Godzilla and King Kong set to fight again

Courtesy of Toho Co. Ltd. “Godzilla vs. Kong” will be the second time the two titans of cinema have clashed

By Sean Ray | a&e editor

Courtesy of Toho Co. Ltd. “Godzilla vs. Kong” will be the second time the two titans of cinema have clashed
Courtesy of Toho Co. Ltd.
“Godzilla vs. Kong” will be the second time the two titans of cinema have clashed

Cinematic universes seem to be all the rage in Hollywood. Since Marvel Studios started the trend in 2008 with “Iron Man,” both Warner Brothers and Universal Pictures have announced their own cinematic universes, based on DC superheroes and classic horror icons respectively. However, a new cinematic universe has entered the fray, but this one is of more monstrous proportions.

On Oct. 14, Legendary Pictures and Warner Brothers Pictures announced a collaborative cinematic universe based off of giant monsters, or kaiju as they are commonly called among fans. Specifically, the stars are set to be Godzilla and King Kong.

The announcement retroactively made Legendary’s 2014 film “Godzilla” the first film in the universe and will be followed by 2017’s “Kong: Skull Island,” 2018’s “Godzilla 2” and 2020’s “Godzilla vs. Kong.”

Besides Godzilla and King Kong, the two studios also said that “other famous monsters” would be included in the universe. While unknown which monsters this is referring to, a likely possibility is the inclusion of Legendary’s 2013 film “Pacific Rim.” Guillermo del Toro, director of “Pacific Rim,” has previously expressed a desire to cross over his film with “Godzilla.”

Godzilla and King Kong have crossed over before. Both monsters’ third movie was the 1962 “King Kong vs. Godzilla.” The film remains one of the most successful in the Godzilla franchise, according to IMDB. The film was also the first time either monster was portrayed in color.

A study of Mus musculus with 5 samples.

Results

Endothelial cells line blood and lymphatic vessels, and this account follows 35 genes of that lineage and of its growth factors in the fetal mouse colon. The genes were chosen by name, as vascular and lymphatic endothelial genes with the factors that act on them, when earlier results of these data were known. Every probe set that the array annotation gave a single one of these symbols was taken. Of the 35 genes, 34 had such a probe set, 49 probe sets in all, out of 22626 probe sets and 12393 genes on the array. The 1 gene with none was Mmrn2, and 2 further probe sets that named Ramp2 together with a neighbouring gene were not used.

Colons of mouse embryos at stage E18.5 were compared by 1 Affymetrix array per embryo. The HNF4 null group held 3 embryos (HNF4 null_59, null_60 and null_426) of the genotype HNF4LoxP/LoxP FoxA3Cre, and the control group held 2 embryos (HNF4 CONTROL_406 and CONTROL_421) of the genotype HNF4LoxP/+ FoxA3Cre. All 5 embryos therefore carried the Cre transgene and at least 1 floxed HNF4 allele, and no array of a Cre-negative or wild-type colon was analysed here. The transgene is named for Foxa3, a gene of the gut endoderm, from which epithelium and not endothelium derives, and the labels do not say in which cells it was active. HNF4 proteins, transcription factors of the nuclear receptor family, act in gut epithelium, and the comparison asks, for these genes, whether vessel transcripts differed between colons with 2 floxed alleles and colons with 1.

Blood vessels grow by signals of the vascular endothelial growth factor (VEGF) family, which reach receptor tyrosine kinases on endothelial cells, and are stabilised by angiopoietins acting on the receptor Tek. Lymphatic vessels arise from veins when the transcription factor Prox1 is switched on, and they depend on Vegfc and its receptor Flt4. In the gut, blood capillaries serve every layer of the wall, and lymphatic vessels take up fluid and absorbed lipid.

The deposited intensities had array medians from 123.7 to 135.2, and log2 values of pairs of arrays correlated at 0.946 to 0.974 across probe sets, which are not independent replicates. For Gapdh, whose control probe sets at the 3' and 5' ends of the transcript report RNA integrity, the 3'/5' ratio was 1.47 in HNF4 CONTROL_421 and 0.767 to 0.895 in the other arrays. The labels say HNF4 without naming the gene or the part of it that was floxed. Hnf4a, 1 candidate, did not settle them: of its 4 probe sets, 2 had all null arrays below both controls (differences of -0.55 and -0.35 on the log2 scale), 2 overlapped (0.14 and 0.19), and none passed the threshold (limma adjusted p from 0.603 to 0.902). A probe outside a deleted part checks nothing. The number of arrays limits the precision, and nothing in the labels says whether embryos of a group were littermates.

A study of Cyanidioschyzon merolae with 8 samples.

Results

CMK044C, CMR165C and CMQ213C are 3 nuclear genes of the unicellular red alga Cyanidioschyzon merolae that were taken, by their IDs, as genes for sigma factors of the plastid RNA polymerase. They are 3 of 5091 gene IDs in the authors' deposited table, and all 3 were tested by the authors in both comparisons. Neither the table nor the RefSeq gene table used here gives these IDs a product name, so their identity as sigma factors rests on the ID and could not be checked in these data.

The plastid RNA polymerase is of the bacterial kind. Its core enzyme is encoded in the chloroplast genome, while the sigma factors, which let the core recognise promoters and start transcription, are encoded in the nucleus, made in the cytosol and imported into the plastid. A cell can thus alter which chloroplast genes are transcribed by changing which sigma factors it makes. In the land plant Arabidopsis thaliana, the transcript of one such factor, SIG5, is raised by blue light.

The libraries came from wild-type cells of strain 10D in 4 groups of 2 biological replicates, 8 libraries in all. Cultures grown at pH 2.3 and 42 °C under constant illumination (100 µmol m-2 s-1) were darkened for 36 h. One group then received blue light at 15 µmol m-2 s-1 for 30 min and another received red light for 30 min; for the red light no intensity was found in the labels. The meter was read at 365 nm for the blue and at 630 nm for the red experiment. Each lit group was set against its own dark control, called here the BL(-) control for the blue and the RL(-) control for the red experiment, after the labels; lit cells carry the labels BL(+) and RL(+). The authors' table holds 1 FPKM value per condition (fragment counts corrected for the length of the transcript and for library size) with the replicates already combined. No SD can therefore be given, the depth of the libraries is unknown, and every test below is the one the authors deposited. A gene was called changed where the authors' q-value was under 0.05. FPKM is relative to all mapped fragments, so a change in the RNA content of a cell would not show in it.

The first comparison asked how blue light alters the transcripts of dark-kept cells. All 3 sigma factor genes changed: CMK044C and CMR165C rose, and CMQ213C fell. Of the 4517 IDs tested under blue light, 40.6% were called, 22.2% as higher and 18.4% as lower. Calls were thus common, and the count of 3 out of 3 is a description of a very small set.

However, there are some noticeable differences between the original film and this remake. Namely that Godzilla now has top billing over King Kong. When the original film was made, King Kong was the more popular and well known monster. Since their clash, however, things have changed. King Kong went on to have only four films added to his repertoire. By comparison, Godzilla’s film series now has 30 entries and the original “Gojira” holds the record for the film with the most amount of sequels.

While this may not mean much to people who have not seen the original film, this could mean a very big difference for those that have.

However, in order to talk about this, I am going to have to issue a spoiler warning here. Read ahead only if you do not wish to know the ending to a 50 year old film.

The reason this change in title is important is because not only did Kong receive top billing in the original film, he also won the fight. Yes, despite a myth stating that Kong wins in the America version and Godzilla wins in the Japanese, the giant gorilla actually wins in both versions of the film, as has been clarified by Toho, the company that made the film and the owners of Godzilla.

Toho even had to power up Kong in order to defeat their own creation. While the original King Kong only stood at around 25 feet, Godzilla was 164 feet in his original film, and a whopping 350 feet tall in his latest film.

In addition to the size change, Toho also granted Kong electrical powers in order to match Godzilla’s signature atomic breath. Had the original Kong fought the original Godzilla, there is little doubt the gorilla would have been squashed or incinerated within seconds.

With all of that in mind, what this title change could mean is a change to the ending. Could Godzilla finally be victorious over his decades long nemesis? Or will King Kong remain the winner, reining over his reptilian rival?

In either case, there still remains much speculation over this new cinematic universe, so only time will tell who will win or which other monsters will be included. And while Godzilla may have more movies than Kong, both monsters seem equally loved. Peter Jackson’s 2005 “King Kong” remake grossed $550 million, while Godzilla’s 2014 remake grossed a similar $529 million.